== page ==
Now, for the first time since Sept. 11, 2001, an administration official has sketched a possible endpoint.
In a thoughtful speech at the Oxford Union last week, Jeh Johnson, the outgoing general counsel for the Pentagon, recognized that “we cannot and should not expect al-Qaeda and its associated forces to all surrender, all lay down their weapons in an open field, or to sign a peace treaty with us. They are terrorist organizations. Nor can we capture or kill every last terrorist who claims an affiliation with al-Qaeda.”
But, he argued, “There will come a tipping point . . . at which so many of the leaders and operatives of al-Qaeda and its affiliates have been killed or captured, and the group is no longer able to attempt or launch a strategic attack against the United States, such that al-Qaeda as we know it, the organization that our Congress authorized the military to pursue in 2001, has been effectively destroyed.” At that point, “our efforts should no longer be considered an armed conflict.”
Phasing out or modifying these emergency powers should be something that would appeal to both left and right. James Madison, father of the Constitution, was clear on the topic. “Of all the enemies to public liberty,” he wrote, “war is, perhaps, the most to be dreaded, because it comprises and develops the germ of every other. War is the parent of armies; from these proceed debts and taxes. . . . No nation could preserve its freedom in the midst of continual warfare.”
If you want to know why we’re in such a deep budgetary hole, one large piece of it is that we have spent around $2 trillion on foreign wars in the past decade. Not coincidentally, we have had the largest expansion of the federal government since World War II. The Post’s Dana Priest and William Arkin have described how the U.S. government has built 33 new complexes for the intelligence bureaucracies alone. The Department of Homeland Security employs 230,000 people.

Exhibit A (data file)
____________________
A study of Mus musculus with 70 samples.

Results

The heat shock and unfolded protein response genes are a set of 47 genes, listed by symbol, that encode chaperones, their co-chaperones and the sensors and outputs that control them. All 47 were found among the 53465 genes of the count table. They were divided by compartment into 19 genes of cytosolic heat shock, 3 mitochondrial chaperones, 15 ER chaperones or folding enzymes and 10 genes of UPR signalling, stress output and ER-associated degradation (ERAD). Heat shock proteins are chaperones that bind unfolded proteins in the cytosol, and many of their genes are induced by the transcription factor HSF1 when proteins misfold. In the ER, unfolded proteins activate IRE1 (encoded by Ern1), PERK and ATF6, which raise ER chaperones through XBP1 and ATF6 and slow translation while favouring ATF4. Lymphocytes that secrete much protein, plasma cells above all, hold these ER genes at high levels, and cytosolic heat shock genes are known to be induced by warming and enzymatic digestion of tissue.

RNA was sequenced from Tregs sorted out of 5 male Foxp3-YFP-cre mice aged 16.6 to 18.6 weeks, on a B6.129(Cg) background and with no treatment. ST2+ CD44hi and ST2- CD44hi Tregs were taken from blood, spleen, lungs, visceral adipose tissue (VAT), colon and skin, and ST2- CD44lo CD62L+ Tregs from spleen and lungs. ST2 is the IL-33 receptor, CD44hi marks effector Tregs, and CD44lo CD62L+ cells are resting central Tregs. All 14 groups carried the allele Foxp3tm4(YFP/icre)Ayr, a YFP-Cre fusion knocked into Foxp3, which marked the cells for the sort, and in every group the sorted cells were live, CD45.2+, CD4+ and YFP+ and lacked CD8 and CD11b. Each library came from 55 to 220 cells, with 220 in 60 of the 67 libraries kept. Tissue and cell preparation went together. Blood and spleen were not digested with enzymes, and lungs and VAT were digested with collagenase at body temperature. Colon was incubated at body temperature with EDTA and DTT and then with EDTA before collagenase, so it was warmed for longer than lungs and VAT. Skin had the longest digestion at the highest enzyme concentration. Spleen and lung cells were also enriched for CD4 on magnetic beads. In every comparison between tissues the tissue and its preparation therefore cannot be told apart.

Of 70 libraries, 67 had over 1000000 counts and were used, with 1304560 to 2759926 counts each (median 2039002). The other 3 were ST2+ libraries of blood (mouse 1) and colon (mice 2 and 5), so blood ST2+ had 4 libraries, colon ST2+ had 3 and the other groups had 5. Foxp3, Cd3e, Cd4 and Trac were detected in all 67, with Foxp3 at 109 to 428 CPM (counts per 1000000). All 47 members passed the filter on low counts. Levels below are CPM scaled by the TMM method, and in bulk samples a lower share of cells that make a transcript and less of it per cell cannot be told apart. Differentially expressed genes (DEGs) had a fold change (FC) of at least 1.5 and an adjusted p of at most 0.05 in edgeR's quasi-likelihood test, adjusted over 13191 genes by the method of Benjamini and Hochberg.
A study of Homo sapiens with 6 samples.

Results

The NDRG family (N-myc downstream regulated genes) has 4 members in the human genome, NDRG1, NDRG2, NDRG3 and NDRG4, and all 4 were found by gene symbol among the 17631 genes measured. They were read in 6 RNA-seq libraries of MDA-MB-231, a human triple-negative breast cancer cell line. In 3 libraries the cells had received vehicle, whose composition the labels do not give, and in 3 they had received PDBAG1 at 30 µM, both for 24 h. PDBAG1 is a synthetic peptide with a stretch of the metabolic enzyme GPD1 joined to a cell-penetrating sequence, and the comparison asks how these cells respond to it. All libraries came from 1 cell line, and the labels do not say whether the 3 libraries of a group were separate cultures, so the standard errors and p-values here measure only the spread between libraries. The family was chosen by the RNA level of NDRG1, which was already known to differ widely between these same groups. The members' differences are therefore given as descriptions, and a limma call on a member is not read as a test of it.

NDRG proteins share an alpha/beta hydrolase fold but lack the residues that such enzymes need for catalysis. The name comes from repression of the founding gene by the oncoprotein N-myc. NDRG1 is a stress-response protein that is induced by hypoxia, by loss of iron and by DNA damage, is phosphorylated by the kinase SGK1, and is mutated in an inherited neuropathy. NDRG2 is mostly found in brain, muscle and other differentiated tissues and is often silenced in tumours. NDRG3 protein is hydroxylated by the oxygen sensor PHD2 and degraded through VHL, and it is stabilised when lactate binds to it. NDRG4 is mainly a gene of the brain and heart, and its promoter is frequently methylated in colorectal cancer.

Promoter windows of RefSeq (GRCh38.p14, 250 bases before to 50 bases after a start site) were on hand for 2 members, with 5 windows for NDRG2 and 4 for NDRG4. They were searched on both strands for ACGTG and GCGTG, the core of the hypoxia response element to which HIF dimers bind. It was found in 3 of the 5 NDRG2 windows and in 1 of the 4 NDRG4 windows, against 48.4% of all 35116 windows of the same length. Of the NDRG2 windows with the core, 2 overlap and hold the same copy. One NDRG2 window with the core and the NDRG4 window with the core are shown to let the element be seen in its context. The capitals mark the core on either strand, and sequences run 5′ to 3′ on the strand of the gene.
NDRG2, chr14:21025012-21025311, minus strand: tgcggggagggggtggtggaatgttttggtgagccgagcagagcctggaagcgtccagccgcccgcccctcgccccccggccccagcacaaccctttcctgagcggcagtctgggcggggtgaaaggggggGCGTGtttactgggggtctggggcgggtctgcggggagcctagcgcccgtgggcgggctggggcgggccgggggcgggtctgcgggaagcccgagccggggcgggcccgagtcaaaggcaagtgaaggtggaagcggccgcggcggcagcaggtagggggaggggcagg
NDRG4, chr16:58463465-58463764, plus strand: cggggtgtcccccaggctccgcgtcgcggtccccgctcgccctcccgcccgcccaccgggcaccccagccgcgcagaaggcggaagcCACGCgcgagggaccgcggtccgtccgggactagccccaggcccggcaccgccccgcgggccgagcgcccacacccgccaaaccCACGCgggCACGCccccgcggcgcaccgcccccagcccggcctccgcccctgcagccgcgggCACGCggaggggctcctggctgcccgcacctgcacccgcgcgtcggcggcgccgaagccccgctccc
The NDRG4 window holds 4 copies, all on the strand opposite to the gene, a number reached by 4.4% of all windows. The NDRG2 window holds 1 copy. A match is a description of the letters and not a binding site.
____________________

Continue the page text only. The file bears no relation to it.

A new Global Terrorism Index this week showed that terrorism went up from 2002 to 2007 – largely because of the conflicts in Afghanistan/Pakistan and Iraq — but has declined ever since. And the part of the world with the fewest incidents is North America. It could be our vigilance that is keeping terror attacks at bay. But it is also worth noting, as we observe the vast apparatus of searches and screening, that the Transportation Security Administration’s assistant administrator for global strategies has admitted that those expensive and cumbersome whole-body scanners have not resulted in the arrest of a single suspected terrorist. Not one.
Of course there are real threats out there, from sources including new branches of al-Qaeda and other such groups. And of course they will have to be battled, and those terrorists should be captured or killed. But we have done this before, and we can do so in the future under more normal circumstances. It will mean that the administration will have to be more careful — and perhaps have more congressional involvement — for certain actions, such as drone strikes. It might mean it will have to charge some of the people held at Guantanamo and try them in military or civilian courts.
In any event, it is a good idea that the United States find a way to conduct its anti-terrorism campaigns within a more normal legal framework, rather than rely on blanket wartime authority granted in a panic after Sept. 11.
No president wants to give up power. But this one is uniquely positioned to begin a serious conversation about a path out of permanent war.